Frog Calls

As dusk falls over a swampy pond, the chorus begins. First one frog croaks, a little hesitantly. Soon another joins in. Suddenly the pond resonates with the voices of dozens of male frogs, each signaling his species, availability and qualifications as a father. Two populations of the same species, separated geographically—a highway running through a swamp, for example—develop dialects, slight differences in their calls. In most species, only males call, though the female midwife toad outshouts her mate. A sudden foreign sound silences them one and all. But soon a single voice starts again, followed by another and another.

The sound of a pond full of frogs can reach deafening levels, far out of proportion to the tiny bodies producing the sound. An air sac on the floor of the frog’s mouth enables it to do two remarkable things. First, when it’s expanded, the sac acts as a resonator, like the hollow body of a violin. Second, by forcing air into the sac from the lungs, then back into the lungs, a frog can croak continuously, even under water. The loudest frogs breed in temporary ponds. When the water’s available, the males muster mates quickly, for all frogs lay eggs only in water, and the tadpoles must grow legs before the temporary ponds dry up.

The concave-eared torrent frog (Amolops tormotus) produces and responds to ultrasonic calls.
Photo © 2006 Albert S. Feng

Animal Diversity Web’s Frog Call Page

But for sheer cacophony, the year-round singing of tropical frogs beats all. In the tropical rain forest, one of the richest ecosystems on earth, a swamp houses many frog species. Males would gain nothing by attracting and attempting to mate with females of another species, so they have to make their signals cut through the din.

The male Leptodactylus ocellatus, which lives in South America, calls at about 250 to 500 Hz (roughly an octave, from middle C to C above middle C). His volume is no match, however, for a neighboring species, which overlaps his frequency range and can croak 40 decibels louder. That’s like the difference between a conversational tone and the noise on a factory floor. L. ocellatus, however, has evolved a way to circumvent this potential problem—by croaking underwater. Because sound travels well underwater, but doesn’t cross the interface into the air, L. ocellatus avoids sonic competition without changing his preferred octave. In a rich environment, species divide the environment up into tinier and tinier slices, each becoming a specialist.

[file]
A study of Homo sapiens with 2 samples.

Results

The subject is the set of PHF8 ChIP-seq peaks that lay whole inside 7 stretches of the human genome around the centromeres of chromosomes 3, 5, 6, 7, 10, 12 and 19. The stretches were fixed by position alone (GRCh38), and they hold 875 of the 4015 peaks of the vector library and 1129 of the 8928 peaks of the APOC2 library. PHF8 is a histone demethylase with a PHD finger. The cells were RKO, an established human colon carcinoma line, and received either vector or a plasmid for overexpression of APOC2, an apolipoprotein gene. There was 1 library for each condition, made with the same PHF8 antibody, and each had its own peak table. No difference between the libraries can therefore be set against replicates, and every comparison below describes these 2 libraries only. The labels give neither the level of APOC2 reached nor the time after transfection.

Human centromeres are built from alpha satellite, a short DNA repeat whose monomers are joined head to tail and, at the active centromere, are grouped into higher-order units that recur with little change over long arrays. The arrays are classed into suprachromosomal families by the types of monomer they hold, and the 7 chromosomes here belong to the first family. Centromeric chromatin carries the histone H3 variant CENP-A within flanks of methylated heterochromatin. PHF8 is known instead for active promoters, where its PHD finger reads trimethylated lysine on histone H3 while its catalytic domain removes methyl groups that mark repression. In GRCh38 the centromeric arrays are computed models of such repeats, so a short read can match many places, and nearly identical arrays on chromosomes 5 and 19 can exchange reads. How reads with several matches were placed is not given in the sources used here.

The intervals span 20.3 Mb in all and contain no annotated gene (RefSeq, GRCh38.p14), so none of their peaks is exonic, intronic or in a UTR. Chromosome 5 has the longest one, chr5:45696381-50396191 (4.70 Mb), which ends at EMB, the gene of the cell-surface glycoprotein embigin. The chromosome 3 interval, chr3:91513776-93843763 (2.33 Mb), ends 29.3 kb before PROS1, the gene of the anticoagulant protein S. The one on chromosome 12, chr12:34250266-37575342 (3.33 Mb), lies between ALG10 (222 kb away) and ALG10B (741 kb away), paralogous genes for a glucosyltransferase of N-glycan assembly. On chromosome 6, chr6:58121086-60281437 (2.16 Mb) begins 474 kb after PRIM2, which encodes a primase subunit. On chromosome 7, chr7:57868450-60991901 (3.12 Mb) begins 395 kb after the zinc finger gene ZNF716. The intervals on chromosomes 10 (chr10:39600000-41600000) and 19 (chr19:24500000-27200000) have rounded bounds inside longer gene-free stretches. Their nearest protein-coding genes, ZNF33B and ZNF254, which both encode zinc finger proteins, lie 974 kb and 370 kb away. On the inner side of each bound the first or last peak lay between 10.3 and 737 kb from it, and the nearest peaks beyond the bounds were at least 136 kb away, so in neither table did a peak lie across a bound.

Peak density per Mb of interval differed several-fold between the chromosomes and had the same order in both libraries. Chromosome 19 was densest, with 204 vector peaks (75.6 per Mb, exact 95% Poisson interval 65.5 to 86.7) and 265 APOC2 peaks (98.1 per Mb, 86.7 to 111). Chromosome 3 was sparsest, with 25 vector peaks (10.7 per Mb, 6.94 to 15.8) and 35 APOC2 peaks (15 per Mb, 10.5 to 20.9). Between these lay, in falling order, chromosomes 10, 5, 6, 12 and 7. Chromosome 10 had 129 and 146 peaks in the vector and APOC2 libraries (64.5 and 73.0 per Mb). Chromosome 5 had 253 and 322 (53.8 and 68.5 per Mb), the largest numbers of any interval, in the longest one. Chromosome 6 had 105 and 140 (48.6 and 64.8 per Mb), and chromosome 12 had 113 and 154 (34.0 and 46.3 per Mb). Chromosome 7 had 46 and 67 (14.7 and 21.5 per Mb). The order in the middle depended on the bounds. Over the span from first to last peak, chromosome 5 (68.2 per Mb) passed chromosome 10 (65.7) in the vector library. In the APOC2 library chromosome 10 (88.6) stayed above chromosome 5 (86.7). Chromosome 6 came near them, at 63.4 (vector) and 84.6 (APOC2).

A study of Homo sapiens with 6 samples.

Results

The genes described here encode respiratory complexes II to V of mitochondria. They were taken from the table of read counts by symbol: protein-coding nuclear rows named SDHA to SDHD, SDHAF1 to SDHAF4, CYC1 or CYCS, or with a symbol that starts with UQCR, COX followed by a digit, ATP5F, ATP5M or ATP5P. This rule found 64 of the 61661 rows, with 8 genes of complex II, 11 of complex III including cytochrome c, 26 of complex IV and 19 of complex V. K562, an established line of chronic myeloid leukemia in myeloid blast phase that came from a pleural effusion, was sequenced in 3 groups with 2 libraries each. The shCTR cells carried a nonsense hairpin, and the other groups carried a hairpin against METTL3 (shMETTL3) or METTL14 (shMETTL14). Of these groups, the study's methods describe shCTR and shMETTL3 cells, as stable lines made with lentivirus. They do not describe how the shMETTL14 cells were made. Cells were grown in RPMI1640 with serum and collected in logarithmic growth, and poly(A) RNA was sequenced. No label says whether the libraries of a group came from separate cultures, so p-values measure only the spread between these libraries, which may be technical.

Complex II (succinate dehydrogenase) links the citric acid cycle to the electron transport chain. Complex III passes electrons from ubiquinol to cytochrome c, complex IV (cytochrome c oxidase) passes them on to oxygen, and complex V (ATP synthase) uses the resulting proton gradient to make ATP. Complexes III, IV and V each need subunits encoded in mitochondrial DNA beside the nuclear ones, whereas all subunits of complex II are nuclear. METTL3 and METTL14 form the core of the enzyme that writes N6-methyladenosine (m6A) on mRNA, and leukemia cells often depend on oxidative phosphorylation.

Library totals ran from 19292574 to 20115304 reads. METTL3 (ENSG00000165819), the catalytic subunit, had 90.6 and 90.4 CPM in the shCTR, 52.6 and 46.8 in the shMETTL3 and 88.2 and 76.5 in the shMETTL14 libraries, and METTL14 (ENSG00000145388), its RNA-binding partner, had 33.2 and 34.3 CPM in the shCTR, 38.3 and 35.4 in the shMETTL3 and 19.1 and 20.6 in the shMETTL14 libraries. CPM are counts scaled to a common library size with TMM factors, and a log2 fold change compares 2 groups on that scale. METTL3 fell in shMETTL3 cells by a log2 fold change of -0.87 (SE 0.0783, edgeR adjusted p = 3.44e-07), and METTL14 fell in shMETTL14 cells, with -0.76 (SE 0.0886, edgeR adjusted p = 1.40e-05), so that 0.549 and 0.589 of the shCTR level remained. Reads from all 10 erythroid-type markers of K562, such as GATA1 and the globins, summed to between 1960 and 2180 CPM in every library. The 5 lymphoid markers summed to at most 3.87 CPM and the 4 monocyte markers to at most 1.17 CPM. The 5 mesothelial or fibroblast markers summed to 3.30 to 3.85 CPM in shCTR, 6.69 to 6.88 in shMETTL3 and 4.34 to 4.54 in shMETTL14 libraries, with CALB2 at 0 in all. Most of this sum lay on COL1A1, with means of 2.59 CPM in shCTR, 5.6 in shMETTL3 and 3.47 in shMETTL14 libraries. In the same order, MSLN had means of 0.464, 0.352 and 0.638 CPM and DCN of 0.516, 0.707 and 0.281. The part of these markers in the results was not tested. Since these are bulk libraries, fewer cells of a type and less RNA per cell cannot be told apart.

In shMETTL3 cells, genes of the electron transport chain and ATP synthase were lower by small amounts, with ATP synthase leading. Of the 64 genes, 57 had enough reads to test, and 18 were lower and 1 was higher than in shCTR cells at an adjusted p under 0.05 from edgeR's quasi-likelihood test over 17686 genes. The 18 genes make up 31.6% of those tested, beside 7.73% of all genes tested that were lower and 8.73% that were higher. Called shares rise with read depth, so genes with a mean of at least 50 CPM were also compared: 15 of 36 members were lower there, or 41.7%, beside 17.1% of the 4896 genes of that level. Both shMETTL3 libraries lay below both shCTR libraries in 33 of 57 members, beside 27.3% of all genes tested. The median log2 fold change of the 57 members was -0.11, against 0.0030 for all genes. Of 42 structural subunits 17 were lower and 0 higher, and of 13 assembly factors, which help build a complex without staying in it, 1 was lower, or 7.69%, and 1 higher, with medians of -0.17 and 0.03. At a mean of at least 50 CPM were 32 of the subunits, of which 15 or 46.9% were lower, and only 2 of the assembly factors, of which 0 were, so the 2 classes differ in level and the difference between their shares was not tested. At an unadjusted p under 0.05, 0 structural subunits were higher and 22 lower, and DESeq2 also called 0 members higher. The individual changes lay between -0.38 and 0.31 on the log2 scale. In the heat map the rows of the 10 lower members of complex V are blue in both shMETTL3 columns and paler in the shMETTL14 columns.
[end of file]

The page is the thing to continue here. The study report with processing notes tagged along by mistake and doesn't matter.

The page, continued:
Singing underwater represents an extreme method of dividing the “airwaves.” Most frogs croak distinctively by varying the pitch of their calls, or by varying the pattern of croaks in a song. Even when they can distinguish the call of males of their own species, though, female frogs must determine the direction from which it comes. This presents a problem.

Humans and other mammals can determine the direction of a sound because their brains detect differences in loudness and time of arrival at each of their two ears. For this system to work, the wavelength of the sound must be much smaller than the distance between the two ears. The longer the wavelength, the harder it is to tell where the sound came from. The crest of a long sound wave may hit the near ear only a tiny fraction of a second before it hits the far ear. A comparatively long time later, the next crest reaches the ears. This is why some stereo systems contain only a single low-frequency woofer, which the listener can place anywhere in the room. By contrast, the high-frequency tweeters and midrange speakers must be separated and properly placed to give the stereo illusion of an orchestra in the room.

Humans hear only up to 20,000 Hz, and the highest note on the piano is only a little above 4,000 Hz. But many mammals hear extremely high frequencies, up to 60,000 Hz, quite well. These sound waves are much shorter than even the tiniest mammal heads. Frogs’ high frequency hearing is not as sharp. They top out at 10,000 Hz, making the distance between their eardrums too short to localize the highest pitches they hear. So how do females find their mate? Scientists studying the coqui frog of Puerto Rico, Eleutherodactylus coqui, think they have a lead.

One way frogs can localize sound is by hearing a sound twice in the same ear. Because of the frog’s head anatomy, sound can travel from the middle ear down the Eustachian tube, across the frog’s mouth cavity, up the other ear’s Eustachian tube and into the middle ear. Sound can then affect the near ear of a frog, for example, twice. First when the sound strikes the eardrum, and second when it arrives a bit later by way of the mouth and Eustachian tubes from the far ear. These two sounds may arrive out of phase, with peaks and troughs interacting in a way that gives the frog’s brain a clue as to where the sound came from. This pathway doesn’t affect mammals because our mouth and ear anatomy differ from that of frogs.

By mapping vibration in the frog’s body with lasers, the scientists have found that a particular spot over the lungs of some species vibrates as well as the eardrum. They propose that the body wall here acts like a large eardrum, providing yet another pathway for sound to travel to the eardrum—from lung to mouth to Eustachian tube to middle ear. This may further increase the precision with which female frogs find their princes.